Energy Storage Capacity Increasing At 23% A Year

   From Next Big Future:

Ideas on a Finite Planet, recently explained that lithium-ion batteries have a fifteen year history of exponential price reduction. Between 1991 and 2005, the capacity that could be bought with $100 went up by a factor of 11. The trend continues through to the present day.

     That is a growth rate of  18.7% annually. However inflation also means the $100 is less so make it about 22% a year.

      That is not Moore's Law for computers (doubling every 18 months is 59% growth a year). However it isn't that far away either - 22% means doubling every 42 months.

     There is also a similar improvement going on in solar cell efficiency.

"In 2014, the highest efficiencies have been achieved by using multiple junction cells at high solar concentrations (44.7% by The Fraunhofer Institute for Solar Energy Systems ISE, Soitec, CEA-Leti and the Helmholtz Center Berlin"

     The efficiency of energy conversion cannot obviously reach much more than that - as one gets closer to 100% there is less room for improvement. However the cost of manufacturing cells is dropping fast. One of Kurtzweil's prediction was that by 2014, ie now, solar energy would become cheaper than energy from oil  though that would be the oil price before shale gas was available so the current oil price is also cheaper than oil then. Even so he seems to be a few years behind but only a few.

      Nonetheless a world where in individual collection of energy is easy and we can store and even carry large amounts of it is going to be a very different world. And unlike very large stationary power generators, which bit is easy for government parasites to batten on and legislate out of existence, this small stuff is difficult for them to prevent.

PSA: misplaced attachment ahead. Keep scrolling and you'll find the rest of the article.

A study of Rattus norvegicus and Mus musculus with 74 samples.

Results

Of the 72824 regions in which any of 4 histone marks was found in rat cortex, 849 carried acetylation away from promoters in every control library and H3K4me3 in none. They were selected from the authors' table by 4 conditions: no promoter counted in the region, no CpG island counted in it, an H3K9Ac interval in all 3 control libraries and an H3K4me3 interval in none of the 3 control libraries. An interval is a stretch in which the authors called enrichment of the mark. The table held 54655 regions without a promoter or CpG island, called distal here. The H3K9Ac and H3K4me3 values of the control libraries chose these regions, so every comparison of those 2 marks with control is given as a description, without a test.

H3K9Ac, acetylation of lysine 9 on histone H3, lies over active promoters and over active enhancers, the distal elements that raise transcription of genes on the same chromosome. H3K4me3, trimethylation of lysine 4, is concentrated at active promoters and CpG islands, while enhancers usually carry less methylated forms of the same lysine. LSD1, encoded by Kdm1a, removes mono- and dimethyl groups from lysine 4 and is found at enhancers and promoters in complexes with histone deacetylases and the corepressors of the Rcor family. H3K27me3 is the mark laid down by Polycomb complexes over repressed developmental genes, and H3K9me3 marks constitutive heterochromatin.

The era of cheap energy and therefore of massive wealth has not yet dawned - only political parasitism is preventing it.

Err not quite. Supply of lithium may well limit the expansion of that market into bulk electrical energy storage.Whilst the world's oceans are estimated to contain about 230 billion tonnes ( at very low concentration,presently commercially accessible deposits on land are nearer 15 million tonnes ( which would be insufficient for the present number of road vehicles. Arguably readily replaceable battery packs that vehicle users replace with fully charged one's at places similar to fuel stations could become common place, but the economics hold it back at present.
 
Perhaps. Perhaps not.
Moore's Law has held through a number of such absolute technological barriers. Breakthroughs always happen.

Some time ago I did an article on using the Qattara Depression as a site for extracting minerals from sea water. http://a-place-to-stand.blogspot.co.uk/2012/12/big-engineering-52-flooding-qattara.html but I don't know what quantities of lithium it would produce or at what price.